It was time to move. Humans were heading out of Africa and journeying into Arabia, the first leg of a giant procession known as the Southern Dispersal – the most recent wave in the great 'Out of Africa' migration of our ancestors.
Yet, we have enough information to know that the Southern Dispersal was something that happened – and that the environments of Africa and Arabia did not make things easy for those on the road.
In this period – roughly 65,000 to 55,000 years ago – the region was marked by severe aridity, which would have led to a scarcity of vegetation, and resulting shortages of large terrestrial mammals for ancient hunter-gatherers to hunt.
This raises the question: what did those trekking out of Africa eat during the Southern Dispersal, as they migrated from East Africa to Arabia, crossing the Red Sea at what we now know as the Bab-el-Mandeb strait?
The answer, some think, was marine food sources, with the ocean providing vital sustenance at a time when the land could not. But researchers have been debating the solidity of this hypothesis, given we don't have much in the way of firm evidence for it, especially since coastal locations from this ancient period are now submerged due to higher sea levels.
"Little is known about how substantial past marine food resources were and in turn how viable a coastal subsistence was," a research team, led by coastal archaeologist Niklas Hausmann from the University of York in the UK, writes in a new paper.
"It is vital to understand their usefulness and their limits for a nuanced interpretation of past human subsistence and in turn long-term mobility of human migration patterns."
In their new study, Hausmann and team analysed shell remains from over 15,000 specimens of Conomurex fasciatus, a species of sea snail that lives in the Red Sea. The remains examined, taken from a cluster of shell middens - human dumping grounds - on the Farasan Islands of Saudi Arabia, date to approximately 7,000 to 5,000 years ago.
This makes them much more recent than the remains of shellfish consumed 70,000 to 50,000 years ago, but from about 8,000 years ago, the Red Sea region exhibited similar aridity to what was seen during the Southern Dispersal, making the newer deposits a fair analogue for the environmental conditions of the great migration.
Importantly, the communities responsible for the relatively recent middens weren't going lightly on their feasts. So, if they could chew through mountains of sea snail each year without making a noticeable dent, our more ancient human travellers could have fed themselves easily, too.
What the researchers were looking for were significant variations in shell size amongst the thousands of mollusc remains, which would indicate that human harvesting of the animals was taking a toll on their population, potentially affecting their abundance and usefulness as a sustainable food resource.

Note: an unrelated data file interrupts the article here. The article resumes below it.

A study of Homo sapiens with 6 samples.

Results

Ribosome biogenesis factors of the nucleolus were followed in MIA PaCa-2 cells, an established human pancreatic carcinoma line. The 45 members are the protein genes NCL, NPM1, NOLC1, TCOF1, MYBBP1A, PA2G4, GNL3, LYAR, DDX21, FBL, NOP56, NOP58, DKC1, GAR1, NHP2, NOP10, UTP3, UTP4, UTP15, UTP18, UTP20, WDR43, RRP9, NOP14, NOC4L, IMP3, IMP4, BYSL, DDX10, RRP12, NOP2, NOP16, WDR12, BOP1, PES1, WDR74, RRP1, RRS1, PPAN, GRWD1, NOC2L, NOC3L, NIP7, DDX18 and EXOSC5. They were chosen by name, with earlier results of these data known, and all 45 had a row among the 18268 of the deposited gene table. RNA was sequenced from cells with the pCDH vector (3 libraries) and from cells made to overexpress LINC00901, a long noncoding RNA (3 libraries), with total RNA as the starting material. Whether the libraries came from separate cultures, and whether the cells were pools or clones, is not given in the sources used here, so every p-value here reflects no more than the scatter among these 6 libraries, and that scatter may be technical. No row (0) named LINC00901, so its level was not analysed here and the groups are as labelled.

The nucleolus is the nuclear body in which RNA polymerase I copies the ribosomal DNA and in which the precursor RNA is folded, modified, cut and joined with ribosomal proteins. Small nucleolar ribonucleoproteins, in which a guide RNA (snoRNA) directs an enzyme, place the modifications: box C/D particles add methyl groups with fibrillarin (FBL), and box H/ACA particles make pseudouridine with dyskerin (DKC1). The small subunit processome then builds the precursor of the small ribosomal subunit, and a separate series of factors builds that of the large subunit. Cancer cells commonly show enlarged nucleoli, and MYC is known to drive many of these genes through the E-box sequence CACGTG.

If evidence for that could be seen in the gastropods from 7,000 to 5,000 years ago, it might discredit the suggestion that travellers during the Southern Dispersal much longer back were able to rely upon food sourced from the Red Sea – but the team found no signs of that, which lends weight to the idea that an abundant population of shellfish could have fed humans up to 70,000 years ago, much as it did in more recent times.
Even during intensive year-round harvesting over long and arid periods, the shellfish populations did not seem to be adversely affected by humans consuming them.
"Our data show that at a time when many other resources on land were scarce, people could rely on their locally available shellfish," says Hausmann.
"Previous studies have shown that people of the southern Red Sea ate shellfish year-round and over periods of thousands of years. We now also know that this resource was not depleted by them, but shellfish continued to maintain a healthy population."
While we can't take this as hard proof that those who dispersed out of Africa long ago ate the same fare to survive in hard conditions, it could be the best evidence yet to suggest that's exactly what they did.
"We can assume that these practices could have been employed without difficulty by anatomically modern humans and that molluscs were likely consumed where available," the researchers explain.
"The implications of having a resilient, abundant, predictable and easily accessible coastal resource at one of the important nodes of human mobility – the southern Red Sea – add an extra dimension to the study of Out Of Africa."
The findings are reported in Quaternary International.